IDAHO: Save Kiana Firouz

// 17 May 2010

Kiana Firouz is an Iranian lesbian activist, filmmaker and actress who has been living in the UK since the Iranian Intelligence Service caught wind of her documentary work on the plight of homosexuals in Iran. They began following her and, fearing for her safety, she fled to the UK and applied for asylum.

In Iran, lesbianism is punishable by 100 lashes, and should a woman be found guilty four times, she will be sentenced to execution by hanging for ‘unrepentent homosexuality’. Firouz’s appearance in Cul de Sac (above), a film based on her own life and featuring lesbian sex scenes, combined with her outspoken activism, means she is highly unlikely to escape this fate should she be deported. Despite all this, the Home Office have actually refused her application for asylum.

The Everyone Group is spearheading a campaign to keep Firouz in the UK:

The EveryOne activists invite concerned readers to send protest e-mail messages to the British Home Office (public.enquiries@homeoffice.gsi.gov.uk) requesting that Kiana receive refugee status as soon as possible, for she is a symbol of the international fight against homophobia and repression of gays and lesbians in Islamic countries.

You can also show your support by signing this petition and writing to:

Minister of State (Borders and Immigration)

Home Office, 2 Marsham Street

London SW1P 4DF

or

Secretary of State for the Home Department

Home Office, 2 Marsham Street

London SW1P 4DF.

And next time you see or hear someone complaining about how our UK government supposedly bends over backwards to welcome “bogus” asylum seekers, ask them whether they really want the death of innocent women like Kiana Firouz on their conscience. Because while our government may voice its homophobia through the appointment of an anti-gay Equalities Minister, the Iranian government voices its prejudice through the whip and the noose. No decent human being should tolerate either.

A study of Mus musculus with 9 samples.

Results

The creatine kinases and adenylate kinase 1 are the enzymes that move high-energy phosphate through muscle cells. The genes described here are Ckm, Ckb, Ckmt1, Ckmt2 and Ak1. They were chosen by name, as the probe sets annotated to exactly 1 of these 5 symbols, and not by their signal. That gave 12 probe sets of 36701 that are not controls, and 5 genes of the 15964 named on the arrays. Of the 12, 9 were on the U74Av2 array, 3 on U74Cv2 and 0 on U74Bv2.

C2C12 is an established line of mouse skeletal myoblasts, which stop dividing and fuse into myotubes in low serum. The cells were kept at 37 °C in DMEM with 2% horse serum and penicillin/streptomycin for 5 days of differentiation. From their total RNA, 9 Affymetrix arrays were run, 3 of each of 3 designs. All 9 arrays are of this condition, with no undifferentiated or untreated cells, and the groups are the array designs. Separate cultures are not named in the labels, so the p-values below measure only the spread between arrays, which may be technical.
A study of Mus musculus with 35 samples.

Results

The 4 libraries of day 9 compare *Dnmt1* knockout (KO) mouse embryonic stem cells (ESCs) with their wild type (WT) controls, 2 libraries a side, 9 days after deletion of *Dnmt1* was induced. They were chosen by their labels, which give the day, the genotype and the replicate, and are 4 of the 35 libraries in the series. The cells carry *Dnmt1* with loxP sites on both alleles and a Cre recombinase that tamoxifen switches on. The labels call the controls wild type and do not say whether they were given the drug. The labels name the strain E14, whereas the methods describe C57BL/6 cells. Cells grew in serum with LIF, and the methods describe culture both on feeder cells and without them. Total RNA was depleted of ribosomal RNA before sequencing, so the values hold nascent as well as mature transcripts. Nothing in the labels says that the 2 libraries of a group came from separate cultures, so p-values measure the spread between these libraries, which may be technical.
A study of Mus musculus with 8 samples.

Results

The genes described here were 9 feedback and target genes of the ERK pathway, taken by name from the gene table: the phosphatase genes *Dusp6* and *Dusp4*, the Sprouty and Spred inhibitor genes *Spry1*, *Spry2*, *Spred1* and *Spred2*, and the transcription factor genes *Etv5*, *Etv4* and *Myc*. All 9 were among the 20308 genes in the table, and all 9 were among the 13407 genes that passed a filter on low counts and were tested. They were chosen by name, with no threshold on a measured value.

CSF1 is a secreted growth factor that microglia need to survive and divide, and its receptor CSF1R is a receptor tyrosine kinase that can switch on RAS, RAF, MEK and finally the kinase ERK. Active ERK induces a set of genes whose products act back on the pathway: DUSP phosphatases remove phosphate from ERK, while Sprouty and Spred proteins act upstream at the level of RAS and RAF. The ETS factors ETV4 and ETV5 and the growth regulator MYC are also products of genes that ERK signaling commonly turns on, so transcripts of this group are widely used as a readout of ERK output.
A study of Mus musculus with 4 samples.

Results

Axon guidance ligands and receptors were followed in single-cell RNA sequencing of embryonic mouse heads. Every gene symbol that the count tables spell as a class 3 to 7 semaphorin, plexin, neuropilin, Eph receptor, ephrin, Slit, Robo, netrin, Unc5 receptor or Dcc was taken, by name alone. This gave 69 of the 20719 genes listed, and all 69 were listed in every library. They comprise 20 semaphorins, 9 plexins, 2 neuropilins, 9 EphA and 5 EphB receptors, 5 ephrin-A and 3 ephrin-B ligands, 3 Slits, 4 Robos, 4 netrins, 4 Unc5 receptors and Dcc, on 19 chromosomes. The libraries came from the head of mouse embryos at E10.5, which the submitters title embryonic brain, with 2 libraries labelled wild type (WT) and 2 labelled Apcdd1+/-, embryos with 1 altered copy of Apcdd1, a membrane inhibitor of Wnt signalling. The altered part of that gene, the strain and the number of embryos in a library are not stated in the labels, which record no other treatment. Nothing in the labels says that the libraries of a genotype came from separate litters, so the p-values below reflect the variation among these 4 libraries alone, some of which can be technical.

Read more at Coilhouse.

For other ways to mark the International Day Against Homophobia and Transphobia, please see the IDAHO website.

Comments From You

Liz // Posted 17 May 2010 at 8:31 am

Shame the Home Secretary is the one and the same Equalities Minister.

Laura // Posted 17 May 2010 at 11:19 am

@ Liz, Oh crap, good point. I’d hope she wouldn’t be so homophobic that she’d like to see lesbians dead though…

Elmo // Posted 17 May 2010 at 11:42 am

signed

SnowdropExplodes // Posted 17 May 2010 at 2:07 pm

Snail mail letter posted (I’ve heard that that’s the most effective form of communication for campaigning to ministers), and posted about this at my blog.

Apparently the Borders & Immigration minister is Tory Damian Green, who was arrested for leaking confidential govt information to the press while he was shadow for that dept. I don’t know if he’s more or less likely than Ms May to be sympathetic to this cause.

Liz // Posted 17 May 2010 at 8:31 pm

@Laura I emailed her and appealed to her sense of shame, asking her to make a stand against her previous record. Let’s see if it makes any difference.

Cycleboy // Posted 18 May 2010 at 1:16 pm

I’ve just read the following on the BBC web site. A rather thought-provoking difference between the rulings of these two cases.

“The alleged leader of an al-Qaeda plot to bomb targets in north-west England has won his appeal against deportation.

A special immigration court said Abid Naseer was an al-Qaeda operative – but could not be deported because he faced torture or death back home in Pakistan. ”

cim // Posted 20 May 2010 at 11:20 am

Some positive news – hopefully it’s not too late for Kiana Firouz herself. The new programme for government contains:

“We will stop the deportation of asylum seekers who have had to leave particular countries because their sexual orientation or gender identification puts them at proven risk of imprisonment, torture or execution.”

W. Hunter Roberts // Posted 24 May 2010 at 9:41 pm

Until women everywhere are free to decide what we choose to do with our own bodies, none of us is truly free. Kiana Firouz’s problem is every woman’s problem.